Climate refers to the sum total of weather conditions and variations over a large area for a long period of time. Weather refers to the state of the atmosphere over an area at any point of time. The elements of weather and climate are the same, i.e., temperature, atmospheric pressure, wind, humidity and precipitation.
The climate of India is described as the ‘monsoon’ type. There are six major controls of the climate of any place. They are: latitude, altitude, distance from the sea, pressure and wind system, ocean currents and relief features. Due to the curvature of the earth, different latitudes receive different amount of sunlight. As a result, air temperature decreases from the Equator towards the poles.
As we move above the sea level, the atmosphere becomes less dense and the temperature decreases. Therefore, mountains are cooler during summers as compared to other areas.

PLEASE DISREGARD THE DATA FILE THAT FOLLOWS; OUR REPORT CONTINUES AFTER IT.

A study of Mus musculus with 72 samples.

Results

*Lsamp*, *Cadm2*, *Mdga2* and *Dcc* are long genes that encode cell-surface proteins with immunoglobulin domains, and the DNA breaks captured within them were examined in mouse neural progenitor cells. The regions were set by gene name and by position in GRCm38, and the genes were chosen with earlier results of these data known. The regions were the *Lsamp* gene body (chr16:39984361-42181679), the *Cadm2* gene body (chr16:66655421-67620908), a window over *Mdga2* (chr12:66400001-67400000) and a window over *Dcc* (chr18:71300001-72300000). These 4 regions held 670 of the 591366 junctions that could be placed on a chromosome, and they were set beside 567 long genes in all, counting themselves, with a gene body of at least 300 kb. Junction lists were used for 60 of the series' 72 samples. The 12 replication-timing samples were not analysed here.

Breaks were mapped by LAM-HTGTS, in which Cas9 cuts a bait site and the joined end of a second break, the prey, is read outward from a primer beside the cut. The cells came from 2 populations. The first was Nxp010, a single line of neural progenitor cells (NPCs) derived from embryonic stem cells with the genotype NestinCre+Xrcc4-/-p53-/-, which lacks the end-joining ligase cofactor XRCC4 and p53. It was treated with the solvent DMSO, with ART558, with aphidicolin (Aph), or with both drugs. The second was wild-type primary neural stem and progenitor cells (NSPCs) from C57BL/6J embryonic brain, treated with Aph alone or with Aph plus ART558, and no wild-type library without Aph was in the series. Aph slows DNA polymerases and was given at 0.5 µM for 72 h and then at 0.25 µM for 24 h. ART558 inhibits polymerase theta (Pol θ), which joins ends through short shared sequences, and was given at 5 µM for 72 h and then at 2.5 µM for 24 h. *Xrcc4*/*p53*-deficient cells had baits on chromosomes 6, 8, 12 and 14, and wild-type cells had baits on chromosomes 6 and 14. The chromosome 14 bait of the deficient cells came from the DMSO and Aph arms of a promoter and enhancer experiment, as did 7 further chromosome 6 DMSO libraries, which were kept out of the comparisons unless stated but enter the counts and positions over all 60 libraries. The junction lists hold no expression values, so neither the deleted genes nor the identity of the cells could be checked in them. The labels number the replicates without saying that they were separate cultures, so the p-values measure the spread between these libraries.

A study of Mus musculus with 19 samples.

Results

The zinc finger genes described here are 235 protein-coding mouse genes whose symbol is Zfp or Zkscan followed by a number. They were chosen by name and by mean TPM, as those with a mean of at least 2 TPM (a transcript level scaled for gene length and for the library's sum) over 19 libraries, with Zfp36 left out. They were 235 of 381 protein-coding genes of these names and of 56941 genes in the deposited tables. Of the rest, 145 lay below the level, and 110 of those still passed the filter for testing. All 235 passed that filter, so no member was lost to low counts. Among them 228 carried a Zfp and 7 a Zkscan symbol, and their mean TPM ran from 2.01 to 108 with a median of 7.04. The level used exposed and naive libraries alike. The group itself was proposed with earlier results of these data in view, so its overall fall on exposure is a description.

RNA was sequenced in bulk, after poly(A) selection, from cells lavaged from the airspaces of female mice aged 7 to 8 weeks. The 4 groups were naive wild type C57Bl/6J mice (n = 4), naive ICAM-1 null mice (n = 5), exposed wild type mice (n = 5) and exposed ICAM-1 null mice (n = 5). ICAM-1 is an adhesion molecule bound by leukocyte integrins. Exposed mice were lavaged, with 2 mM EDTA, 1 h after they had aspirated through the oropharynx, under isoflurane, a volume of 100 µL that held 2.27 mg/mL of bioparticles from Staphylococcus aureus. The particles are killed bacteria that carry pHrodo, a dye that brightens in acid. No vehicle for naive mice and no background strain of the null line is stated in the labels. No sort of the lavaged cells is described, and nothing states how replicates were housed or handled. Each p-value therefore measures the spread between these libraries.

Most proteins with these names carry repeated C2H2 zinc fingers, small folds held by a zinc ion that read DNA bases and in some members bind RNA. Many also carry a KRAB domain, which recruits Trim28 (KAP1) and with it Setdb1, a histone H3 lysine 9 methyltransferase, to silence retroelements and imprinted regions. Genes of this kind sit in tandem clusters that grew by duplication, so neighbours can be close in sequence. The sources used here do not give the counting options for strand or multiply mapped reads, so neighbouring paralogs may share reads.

Pressure and wind system of any area depends on the latitude and altitude of the place. Thus, it influences the temperature and rainfall pattern.
As the distance from the sea increases, its moderating influence decreases and the people experience extreme weather conditions. High mountains act as barriers for cold or hot winds.
Four main seasons can be identified in India – the cold weather season, the hot weather season, the advancing monsoon and the retreating monsoon with some regional variations. ‘Mango showers’ is a Pre-monsoon shower at the end of the summer season, especially in Kerala, and Karnataka. Mawsynram in the southern ranges of the Khasi Hills receives the highest average rainfall in the world. Tropical cyclones are often very destructive in the Krishna-Godavari Delta.
The Indian landscape, its animal and plant life, its entire agricultural calendar and the life of the people, including their festivities, revolve around monsoon. Therefore, monsoon act as unifying bond.